Invest in high-quality seed to get cover crops off to a strong start
The tillage radishes that Larry, left, and Scott Rutledge plant as a cover crop can grow to be more than 20" long.
Scott and Larry Rutledge are like a lot of farmers—not all of their ground is perfect. In fact, most of their land in northeast Missouri consists of tight clay soils. A couple of years ago, they decided to try cover crops to address erosion and compaction.
"We didn’t know a lot about cover crops, but through reading magazines and doing a little
research, I found Steve Groff in Pennsylvania who talked with me on the phone and helped me get started," Scott says.
The Rutledge family is part of a growing number of farmers who are experimenting with
cover crops to learn more about how they impact soil health and, ultimately, their pocketbook.
The in-between. "It’s better to have something growing in the soil than to have it devoid of vegetation. Cover crops bridge the gap between when the fall crops are harvested and spring crops are planted," says Mike Roagee, University of Illinois Extension educator, who has been guiding farmers on the use of cover crops for years.
Experts such as Roagee agree that when selecting cover crop seed, farmers need to make sure it is high-quality seed known to perform well in their area. Some experts go so far as to emphasize the use of certified seed.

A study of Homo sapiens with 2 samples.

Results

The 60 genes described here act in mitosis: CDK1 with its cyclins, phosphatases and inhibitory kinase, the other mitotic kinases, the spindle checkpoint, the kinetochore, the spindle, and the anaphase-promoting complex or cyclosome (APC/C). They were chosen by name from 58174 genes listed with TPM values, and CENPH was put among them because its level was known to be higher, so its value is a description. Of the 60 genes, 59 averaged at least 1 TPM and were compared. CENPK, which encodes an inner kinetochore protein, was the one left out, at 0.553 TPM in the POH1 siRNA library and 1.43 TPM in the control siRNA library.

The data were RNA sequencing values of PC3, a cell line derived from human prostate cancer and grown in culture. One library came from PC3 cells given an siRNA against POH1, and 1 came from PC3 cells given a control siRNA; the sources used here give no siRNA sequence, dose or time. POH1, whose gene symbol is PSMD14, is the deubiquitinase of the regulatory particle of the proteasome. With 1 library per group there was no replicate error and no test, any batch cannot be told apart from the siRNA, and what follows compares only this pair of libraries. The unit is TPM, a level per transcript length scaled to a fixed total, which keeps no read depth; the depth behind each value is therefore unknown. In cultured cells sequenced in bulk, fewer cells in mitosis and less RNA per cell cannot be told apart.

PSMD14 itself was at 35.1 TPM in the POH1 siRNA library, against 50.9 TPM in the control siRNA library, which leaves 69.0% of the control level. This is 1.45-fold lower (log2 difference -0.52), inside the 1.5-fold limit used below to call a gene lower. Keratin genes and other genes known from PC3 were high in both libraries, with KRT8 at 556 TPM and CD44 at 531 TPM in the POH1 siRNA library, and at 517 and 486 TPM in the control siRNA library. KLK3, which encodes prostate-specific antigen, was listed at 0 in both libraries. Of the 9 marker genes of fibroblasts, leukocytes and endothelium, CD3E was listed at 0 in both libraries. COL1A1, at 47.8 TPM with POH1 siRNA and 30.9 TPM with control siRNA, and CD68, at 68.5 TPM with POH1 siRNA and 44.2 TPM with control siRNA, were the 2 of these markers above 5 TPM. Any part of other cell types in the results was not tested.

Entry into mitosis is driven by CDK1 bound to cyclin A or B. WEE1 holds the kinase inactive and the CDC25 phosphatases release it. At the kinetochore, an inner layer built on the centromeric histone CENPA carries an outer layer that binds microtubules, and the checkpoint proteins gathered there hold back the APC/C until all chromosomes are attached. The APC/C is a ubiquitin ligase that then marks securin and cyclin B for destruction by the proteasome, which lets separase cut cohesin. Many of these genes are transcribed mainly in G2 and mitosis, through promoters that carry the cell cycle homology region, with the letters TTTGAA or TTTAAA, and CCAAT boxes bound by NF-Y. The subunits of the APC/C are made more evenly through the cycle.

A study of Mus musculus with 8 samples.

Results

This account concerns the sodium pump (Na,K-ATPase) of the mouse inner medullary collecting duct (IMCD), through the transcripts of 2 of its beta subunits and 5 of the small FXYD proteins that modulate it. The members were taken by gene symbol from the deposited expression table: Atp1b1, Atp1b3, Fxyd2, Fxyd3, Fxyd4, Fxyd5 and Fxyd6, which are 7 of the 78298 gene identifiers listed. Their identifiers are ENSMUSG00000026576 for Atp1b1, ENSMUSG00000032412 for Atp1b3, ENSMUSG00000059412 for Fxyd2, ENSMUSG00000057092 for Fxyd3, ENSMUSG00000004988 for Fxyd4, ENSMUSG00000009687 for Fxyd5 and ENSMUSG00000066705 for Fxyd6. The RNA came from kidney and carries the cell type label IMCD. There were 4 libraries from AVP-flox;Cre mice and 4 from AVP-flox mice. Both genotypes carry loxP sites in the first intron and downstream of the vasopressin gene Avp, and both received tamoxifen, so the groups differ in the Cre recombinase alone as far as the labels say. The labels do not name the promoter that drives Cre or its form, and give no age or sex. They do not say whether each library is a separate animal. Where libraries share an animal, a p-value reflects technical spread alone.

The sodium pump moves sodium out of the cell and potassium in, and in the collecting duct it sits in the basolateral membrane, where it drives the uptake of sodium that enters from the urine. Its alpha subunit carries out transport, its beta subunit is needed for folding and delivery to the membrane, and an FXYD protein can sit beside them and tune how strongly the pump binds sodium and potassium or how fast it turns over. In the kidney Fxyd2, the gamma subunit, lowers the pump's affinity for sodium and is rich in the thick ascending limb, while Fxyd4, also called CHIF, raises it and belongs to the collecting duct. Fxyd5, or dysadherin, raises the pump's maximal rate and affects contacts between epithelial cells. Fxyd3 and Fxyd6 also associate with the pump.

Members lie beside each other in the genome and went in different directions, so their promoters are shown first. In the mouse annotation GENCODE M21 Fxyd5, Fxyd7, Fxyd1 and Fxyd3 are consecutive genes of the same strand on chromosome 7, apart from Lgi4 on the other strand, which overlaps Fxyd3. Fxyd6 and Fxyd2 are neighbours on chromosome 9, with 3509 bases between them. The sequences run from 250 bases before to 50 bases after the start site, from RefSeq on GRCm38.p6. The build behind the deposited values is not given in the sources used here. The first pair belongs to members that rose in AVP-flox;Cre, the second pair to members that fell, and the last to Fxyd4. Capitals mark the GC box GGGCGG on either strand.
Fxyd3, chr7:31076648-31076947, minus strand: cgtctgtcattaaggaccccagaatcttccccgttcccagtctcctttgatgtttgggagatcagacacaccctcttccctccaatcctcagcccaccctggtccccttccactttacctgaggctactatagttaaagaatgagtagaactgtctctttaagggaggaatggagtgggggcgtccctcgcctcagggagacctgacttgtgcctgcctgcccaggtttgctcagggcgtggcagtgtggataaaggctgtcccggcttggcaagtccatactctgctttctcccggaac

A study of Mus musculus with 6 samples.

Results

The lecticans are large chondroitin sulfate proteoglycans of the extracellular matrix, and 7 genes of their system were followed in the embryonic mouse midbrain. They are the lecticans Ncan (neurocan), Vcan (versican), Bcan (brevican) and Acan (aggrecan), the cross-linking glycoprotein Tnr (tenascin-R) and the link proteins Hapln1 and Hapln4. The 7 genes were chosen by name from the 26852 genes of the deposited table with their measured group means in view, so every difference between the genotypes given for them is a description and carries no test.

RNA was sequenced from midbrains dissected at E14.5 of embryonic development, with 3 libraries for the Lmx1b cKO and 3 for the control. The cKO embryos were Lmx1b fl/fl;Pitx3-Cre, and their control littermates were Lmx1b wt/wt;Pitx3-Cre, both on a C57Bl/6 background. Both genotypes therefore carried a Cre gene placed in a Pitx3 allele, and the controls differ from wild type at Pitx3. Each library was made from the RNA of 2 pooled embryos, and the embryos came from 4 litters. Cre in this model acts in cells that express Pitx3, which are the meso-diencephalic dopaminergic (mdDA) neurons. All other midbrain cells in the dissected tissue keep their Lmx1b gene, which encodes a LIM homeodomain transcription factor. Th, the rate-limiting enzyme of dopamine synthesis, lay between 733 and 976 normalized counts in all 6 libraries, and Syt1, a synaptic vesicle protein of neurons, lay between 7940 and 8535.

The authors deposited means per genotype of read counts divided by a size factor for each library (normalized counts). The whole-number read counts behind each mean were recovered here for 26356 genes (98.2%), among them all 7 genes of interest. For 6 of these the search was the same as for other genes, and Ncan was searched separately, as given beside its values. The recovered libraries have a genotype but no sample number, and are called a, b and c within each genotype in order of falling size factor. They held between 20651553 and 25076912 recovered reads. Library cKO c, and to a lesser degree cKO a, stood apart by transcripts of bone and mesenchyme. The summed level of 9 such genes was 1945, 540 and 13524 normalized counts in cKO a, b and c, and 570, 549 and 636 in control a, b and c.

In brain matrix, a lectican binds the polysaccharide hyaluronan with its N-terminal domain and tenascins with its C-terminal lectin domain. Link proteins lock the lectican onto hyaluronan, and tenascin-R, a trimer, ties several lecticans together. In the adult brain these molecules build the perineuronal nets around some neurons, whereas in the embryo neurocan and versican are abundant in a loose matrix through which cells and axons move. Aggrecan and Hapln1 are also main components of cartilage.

Wayne Kizer, co-owner of KB Seed Solutions in Harrisburg, Ore., says high-quality seed helps farmers grow a crop that improves the health and vibrancy of their soil.
"We are seeing increased yields while also reducing herbicide and chemical costs for summer annuals," Kizer says.
Farmers who planted cover crops after the 2012 drought also used them for nitrogen management, an added stewardship benefit.
Rutledge planted cover crops this spring for that reason. "We had some prevented planting corn acres that we had already put our fertilizer on, and we knew we wanted to try and keep the nitrogen from leaching through the soil," he says. "We heard radishes would uptake nitrogen and be somewhat available for next year’s crop."
Many farmers are also finding that cover crops are easier to get established than they initially thought.
"We planted the tillage radishes in August, worked the ground first and spread them with a fertilizer cart, then harrowed them in," Rutledge explains. "It didn’t take a lot time or fuel to do that and they came up fast, grew fast and established cover very fast."
You can e-mail Pam Fretwell at email@example.com.
To watch a video about selecting the best cover crop seed for your area, visit www.FarmJournal.com/cover_crops.